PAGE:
News / Europe

Reaction Mixed in London to US Plans for Afghanistan

British troops in Afghanistan
British troops in Afghanistan

Multimedia

Al Pessin

President Barack Obama’s decision to withdraw U.S. troops from Afghanistan more quickly than expected reverberated Thursday in Europe, where many governments and some citizens also are eager to see their involvement in the nearly 10-year-old war come to an end.

The president’s announcement was not front page news in most British newspapers, but one that did cover the decision called it a gamble and a retreat.

On a visit to Afghanistan, British Foreign Secretary William Hague said the president’s decision is in line with British government thinking, and with its plan to withdraw 400 of its nearly 10,000 troops by February, and likely more after that.

“We will continue to assess the number of British forces required, based on the condition on the ground, but of course leading to a point by 2015 where we will not have combat troops fighting in Afghanistan or in anything like the numbers they are today," said Hague.

In Brussels, NATO Secretary General Anders Fogh Rasmussen welcomed President Obama’s decision.

“The United States took the bold decision to increase the number of American troops in Afghanistan by 30,000," said  Fogh Rasmussen. "Other allies and partners stepped up and provided an additional 10,000 troops, and together those troops were part of an international effort to turn the tide in Afghanistan. And now the tide is turning.”

At London’s International Institute for Strategic Studies, retired British Brigadier Ben Barry said European countries are likely to follow the U.S. lead.

“Of course there is a danger that not only will they match the U.S. drawdown timetable, but they might exceed it," said Barry.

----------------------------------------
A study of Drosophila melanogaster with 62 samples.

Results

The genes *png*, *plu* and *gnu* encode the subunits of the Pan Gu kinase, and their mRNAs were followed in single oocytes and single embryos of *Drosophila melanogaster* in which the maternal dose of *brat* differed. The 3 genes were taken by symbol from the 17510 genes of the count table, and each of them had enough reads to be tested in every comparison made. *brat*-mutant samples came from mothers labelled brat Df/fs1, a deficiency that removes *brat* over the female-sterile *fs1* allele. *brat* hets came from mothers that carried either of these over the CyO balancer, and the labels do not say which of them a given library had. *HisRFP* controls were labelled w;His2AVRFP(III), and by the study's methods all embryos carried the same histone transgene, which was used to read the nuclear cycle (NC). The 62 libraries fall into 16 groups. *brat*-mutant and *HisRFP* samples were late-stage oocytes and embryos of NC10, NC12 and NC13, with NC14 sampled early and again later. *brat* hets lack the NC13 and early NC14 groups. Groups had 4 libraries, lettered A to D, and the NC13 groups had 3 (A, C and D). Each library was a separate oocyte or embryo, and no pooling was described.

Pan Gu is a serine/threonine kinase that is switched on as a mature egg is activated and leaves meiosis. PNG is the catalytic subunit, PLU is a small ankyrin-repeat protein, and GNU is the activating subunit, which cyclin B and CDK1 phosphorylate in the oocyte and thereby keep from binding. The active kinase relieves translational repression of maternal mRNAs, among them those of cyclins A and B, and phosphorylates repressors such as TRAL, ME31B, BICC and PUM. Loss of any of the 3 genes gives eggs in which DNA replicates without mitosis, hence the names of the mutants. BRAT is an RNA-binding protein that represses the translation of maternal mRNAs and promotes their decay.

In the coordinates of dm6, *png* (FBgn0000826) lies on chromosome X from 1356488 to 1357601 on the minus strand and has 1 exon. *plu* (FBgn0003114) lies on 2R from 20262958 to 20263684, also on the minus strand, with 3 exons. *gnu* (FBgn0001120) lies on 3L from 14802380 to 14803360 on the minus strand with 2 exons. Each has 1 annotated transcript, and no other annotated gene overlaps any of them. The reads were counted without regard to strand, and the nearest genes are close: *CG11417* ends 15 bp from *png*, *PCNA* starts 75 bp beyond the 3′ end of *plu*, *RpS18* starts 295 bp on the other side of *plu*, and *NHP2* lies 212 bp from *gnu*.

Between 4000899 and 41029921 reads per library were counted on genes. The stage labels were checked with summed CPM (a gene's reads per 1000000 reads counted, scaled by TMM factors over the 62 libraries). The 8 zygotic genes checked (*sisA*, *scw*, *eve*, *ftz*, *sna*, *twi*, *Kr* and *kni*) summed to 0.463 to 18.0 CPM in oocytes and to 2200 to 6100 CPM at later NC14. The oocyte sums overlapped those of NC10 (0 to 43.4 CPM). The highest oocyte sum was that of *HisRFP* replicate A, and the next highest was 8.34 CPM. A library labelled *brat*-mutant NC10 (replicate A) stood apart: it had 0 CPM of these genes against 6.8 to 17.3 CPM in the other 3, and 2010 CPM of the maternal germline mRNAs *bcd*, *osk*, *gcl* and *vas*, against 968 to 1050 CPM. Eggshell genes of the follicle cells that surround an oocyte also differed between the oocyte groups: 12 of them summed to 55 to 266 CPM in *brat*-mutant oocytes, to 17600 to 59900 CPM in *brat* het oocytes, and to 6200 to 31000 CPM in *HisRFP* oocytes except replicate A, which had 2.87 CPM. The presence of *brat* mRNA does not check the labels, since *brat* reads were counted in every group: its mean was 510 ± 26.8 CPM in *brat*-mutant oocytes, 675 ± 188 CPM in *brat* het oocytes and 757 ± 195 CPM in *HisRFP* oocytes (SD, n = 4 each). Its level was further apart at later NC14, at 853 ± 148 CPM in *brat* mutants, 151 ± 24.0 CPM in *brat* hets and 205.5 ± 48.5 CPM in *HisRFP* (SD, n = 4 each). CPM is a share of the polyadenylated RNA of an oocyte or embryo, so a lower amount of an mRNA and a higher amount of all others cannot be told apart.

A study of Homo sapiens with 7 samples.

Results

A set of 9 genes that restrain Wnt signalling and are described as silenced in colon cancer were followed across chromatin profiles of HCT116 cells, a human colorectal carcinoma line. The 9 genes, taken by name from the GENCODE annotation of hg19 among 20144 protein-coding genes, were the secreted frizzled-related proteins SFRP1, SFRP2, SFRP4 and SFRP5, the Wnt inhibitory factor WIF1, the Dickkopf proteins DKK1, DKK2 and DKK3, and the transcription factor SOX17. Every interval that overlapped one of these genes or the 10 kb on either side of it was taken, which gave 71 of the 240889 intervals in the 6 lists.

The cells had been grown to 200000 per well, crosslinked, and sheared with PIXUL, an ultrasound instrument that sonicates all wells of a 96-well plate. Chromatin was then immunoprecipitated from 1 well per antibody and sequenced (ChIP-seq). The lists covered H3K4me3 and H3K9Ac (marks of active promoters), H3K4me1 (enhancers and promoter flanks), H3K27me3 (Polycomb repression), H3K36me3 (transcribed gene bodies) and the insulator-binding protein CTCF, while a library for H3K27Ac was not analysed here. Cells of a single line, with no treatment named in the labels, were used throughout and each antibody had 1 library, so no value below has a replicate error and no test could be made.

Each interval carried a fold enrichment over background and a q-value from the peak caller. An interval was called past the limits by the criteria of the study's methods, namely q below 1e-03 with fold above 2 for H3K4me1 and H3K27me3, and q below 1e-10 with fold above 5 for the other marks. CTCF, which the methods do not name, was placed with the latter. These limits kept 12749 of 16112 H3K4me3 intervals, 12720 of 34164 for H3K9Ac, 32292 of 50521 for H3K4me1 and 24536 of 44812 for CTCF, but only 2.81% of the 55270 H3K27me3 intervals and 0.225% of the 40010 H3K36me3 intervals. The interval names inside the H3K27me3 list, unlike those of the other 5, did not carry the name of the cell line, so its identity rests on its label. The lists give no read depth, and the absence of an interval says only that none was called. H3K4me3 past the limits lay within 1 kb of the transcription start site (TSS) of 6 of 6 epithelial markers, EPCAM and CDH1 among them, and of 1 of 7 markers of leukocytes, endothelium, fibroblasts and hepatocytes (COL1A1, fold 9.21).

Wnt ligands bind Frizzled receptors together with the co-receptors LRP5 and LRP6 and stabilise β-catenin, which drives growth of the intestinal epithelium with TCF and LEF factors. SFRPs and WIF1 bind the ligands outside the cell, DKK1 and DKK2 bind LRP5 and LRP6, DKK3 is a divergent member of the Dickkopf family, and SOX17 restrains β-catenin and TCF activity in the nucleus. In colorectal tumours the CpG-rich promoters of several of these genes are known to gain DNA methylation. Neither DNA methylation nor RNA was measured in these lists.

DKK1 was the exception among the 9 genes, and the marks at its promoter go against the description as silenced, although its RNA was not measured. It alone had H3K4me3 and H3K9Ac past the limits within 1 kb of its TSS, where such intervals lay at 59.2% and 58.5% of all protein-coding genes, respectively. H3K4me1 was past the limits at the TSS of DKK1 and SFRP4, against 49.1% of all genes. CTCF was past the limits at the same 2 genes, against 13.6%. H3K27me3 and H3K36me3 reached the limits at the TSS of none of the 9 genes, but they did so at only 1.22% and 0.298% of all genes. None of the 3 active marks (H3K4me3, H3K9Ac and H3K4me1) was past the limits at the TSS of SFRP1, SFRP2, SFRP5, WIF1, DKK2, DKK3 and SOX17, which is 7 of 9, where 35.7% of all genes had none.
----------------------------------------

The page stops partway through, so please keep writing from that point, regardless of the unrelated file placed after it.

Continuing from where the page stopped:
Barry says that could embolden Taliban fighters, and top U.S. military officers would have preferred to keep more troops in Afghanistan for a longer period.

“[And] if you decide to go against military advice, what you want to be absolutely certain of is that the rest of the government is pulling together to maximize the chance of the success of the strategy," he said.

Just outside the Institute, at a busy Underground Station, people passing by were generally glad to hear British troops might also be coming home relatively soon. But they were also concerned about finishing the job in Afghanistan.

"One needs to be ready to hand over," said a man. "You can’t hand over something that is still an absolute mess, can you?"

Reporter: "So you think the Afghan mission is still worth pursuing a while longer?"

"They've got to get it right before they hand it over," answered the man.

"You get out and leave it a mess doesn't seem right, either," said a woman. "So, it has to be done gradually and it has to be done sensitively."

"It has to be balance between the number of troops they withdraw and pull back, set against continuing their presence in Aghanistan to finish what they started," said another person.

The first U.S. troops are scheduled to leave Afghanistan next month, with all 33,000 surge troops sent there in 2009 out by next September.